Alan Alda at Dartmouth College: The Joy of Science

Saturday, October 12, 2013
Alan Alda has told the story plenty of times before, and on Thursday delivered it to a packed, rapt house at the Hopkins Center. It goes like this: About a decade ago, he was on location, shooting Scientific American Frontiers, the PBS science show he hosts, atop a mountain in Chile. He felt a pain in his side. It soon became unbearable.

He was taken down the mountain and to a doctor, who told him the pain wasn’t appendicitis, the obvious culprit. A portion of Alda’s intestine had died, the doctor said. He’d cut out the bad part, and sew the good ends together.

“I was so grateful for his explaining it to me in such clear terms,” Alda said.

He knew the procedure was called an end-to-end anastomosis. It was one of the first surgeries he performed on M*A*S*H.

In the Moore Theater, the laughs subsiding, Alda, the third of Dartmouth’s three Montgomery Fellows this year and a veteran actor known for M*A*S*H as well as The West Wing and 30 Rock, launched into his raison d’etre: his attempt to get those who work in the sciences to communicate more effectively to the intelligent layperson.

He’s been doing it at the Alan Alda Center for Communicating Science at Long Island’s Stony Brook University, where he teaches improvisation to memorization-happy science students. And he’s just partnered with Dartmouth, for two years, to help collaborate on similar courses, according to David Kotz, Dartmouth’s associate dean of faculty for the sciences.

According to Christianne Hardy Wohlforth, the director of the Montgomery Fellows Program, all three of this year’s fellows — which include filmmaker Werner Herzog and author and philosopher Rebecca Newberger Goldstein — have similar goals.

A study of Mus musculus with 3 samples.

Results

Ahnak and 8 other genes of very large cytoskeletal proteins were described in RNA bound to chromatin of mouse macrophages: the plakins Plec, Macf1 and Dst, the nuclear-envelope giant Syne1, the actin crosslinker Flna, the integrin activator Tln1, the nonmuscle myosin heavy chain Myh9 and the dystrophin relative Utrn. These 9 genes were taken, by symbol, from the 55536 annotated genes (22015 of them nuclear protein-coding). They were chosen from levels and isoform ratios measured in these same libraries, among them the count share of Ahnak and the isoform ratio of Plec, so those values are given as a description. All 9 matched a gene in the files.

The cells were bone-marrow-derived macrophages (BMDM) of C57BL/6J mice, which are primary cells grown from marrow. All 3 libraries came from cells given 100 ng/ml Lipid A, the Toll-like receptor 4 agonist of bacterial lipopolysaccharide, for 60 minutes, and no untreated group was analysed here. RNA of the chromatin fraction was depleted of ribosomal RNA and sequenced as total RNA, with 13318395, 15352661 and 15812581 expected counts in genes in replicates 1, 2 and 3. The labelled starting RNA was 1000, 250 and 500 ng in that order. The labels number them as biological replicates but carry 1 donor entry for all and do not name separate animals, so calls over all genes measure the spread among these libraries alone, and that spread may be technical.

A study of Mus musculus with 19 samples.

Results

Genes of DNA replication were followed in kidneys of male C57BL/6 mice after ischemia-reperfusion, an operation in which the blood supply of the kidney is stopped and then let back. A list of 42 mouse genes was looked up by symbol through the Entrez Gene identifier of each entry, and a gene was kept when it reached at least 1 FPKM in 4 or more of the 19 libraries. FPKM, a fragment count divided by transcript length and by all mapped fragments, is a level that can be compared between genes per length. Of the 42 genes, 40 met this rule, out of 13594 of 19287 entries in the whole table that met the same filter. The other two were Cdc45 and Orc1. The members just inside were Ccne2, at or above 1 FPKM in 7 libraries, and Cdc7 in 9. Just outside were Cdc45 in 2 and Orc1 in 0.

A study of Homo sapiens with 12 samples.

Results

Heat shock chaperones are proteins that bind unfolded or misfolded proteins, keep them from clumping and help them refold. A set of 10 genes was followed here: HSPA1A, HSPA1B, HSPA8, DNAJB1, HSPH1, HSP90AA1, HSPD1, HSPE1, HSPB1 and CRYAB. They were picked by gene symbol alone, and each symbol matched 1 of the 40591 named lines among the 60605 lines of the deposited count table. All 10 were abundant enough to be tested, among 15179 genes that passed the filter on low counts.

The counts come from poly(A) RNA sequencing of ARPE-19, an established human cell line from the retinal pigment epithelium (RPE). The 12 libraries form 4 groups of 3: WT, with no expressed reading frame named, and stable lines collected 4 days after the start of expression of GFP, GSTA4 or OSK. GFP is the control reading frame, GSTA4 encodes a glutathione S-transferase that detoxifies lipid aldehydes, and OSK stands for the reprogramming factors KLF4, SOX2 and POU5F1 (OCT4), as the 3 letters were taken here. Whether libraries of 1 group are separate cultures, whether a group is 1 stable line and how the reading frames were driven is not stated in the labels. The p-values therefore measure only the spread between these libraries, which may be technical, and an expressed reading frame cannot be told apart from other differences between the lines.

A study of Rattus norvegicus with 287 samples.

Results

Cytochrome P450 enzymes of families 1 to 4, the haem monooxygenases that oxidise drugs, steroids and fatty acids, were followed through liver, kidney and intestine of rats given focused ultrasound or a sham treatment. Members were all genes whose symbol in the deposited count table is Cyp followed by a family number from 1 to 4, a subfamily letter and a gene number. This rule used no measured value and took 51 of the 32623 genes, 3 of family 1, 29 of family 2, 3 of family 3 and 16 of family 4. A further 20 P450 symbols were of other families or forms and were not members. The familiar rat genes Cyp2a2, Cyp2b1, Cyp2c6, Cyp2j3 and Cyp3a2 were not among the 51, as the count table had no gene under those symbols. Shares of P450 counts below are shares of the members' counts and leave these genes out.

“They all use the arts in some way to communicate complicated ideas,” Wohlforth said before Alda took the stage. They specialize, she said, in bridging the gap.

Alda was quick to define that gap on Thursday, playing a video in which random Long Islanders were asked seemingly straightforward questions: What is physics? What is global warming? What is a quark?

Most had trouble putting words to the concepts. That’s not because they lack intelligence, but they just don’t know the terms that might seem basic for those in the scientific community. “You can’t assume that they know what a nanoparticle is,” Alda said.

He tells those who present their work to try to evoke emotion in their listeners, to find the amusing, the strange or the unusual. If the excitement is there, it becomes contagious, he said, going on to show before-and-after videos of students explaining their research. The afters, naturally, were looser, letting enthusiasm trump what had just hours before been rote.

He demonstrated the disconnect when he brought up an audience member, who he told to pick from a list of three songs and tap one of them out on the lectern. He asked her, before she tapped a rendition of God Bless America, how many people would recognize the song.

She assumed about 80 percent would, and tapped the tune. When Alda asked how many people got it, about eight raised their hands. The Moore Theater has a capacity of 181.

“If you hear the music and all they hear is the knocking, they’re not going to get it,” Alda concluded.

In a small way, Alda’s thinking has already permeated Dartmouth. There’s currently one experimental graduate class, taught by three professors — a scientist, a science journalist and an actor who had visited the Alda Center a few months before — in which science students of various disciplines play theater-style improv games. The goal is to improve communication between them and an interested, but uninformed, listener.

In four weeks of the class, Philip Fernandes, a physics student, said he’s already seen improvement. Prior to this semester, his presentations were stiff, as he pointed at slides with his laser pointer, talking in monotone.

“You memorized your speeches,” said Kate Farris, a computer engineering student standing nearby.

“I memorized my speeches verbatim,” he said, but now he’s learned to harness the space of the stage, to improvise and use other methods to engage an audience.

Farris noted the increased importance of learning to communicate in a simpler way, especially as interdisciplinary work becomes more important.

“I’ve felt a big change,” Farris said. “For me, personally, it’s making my research more exciting.”

An added bonus: she can now talk to her family about her work, and they finally understand.

Jon Wolper can be reached at jwolper@vnews.com or 603-727-3242.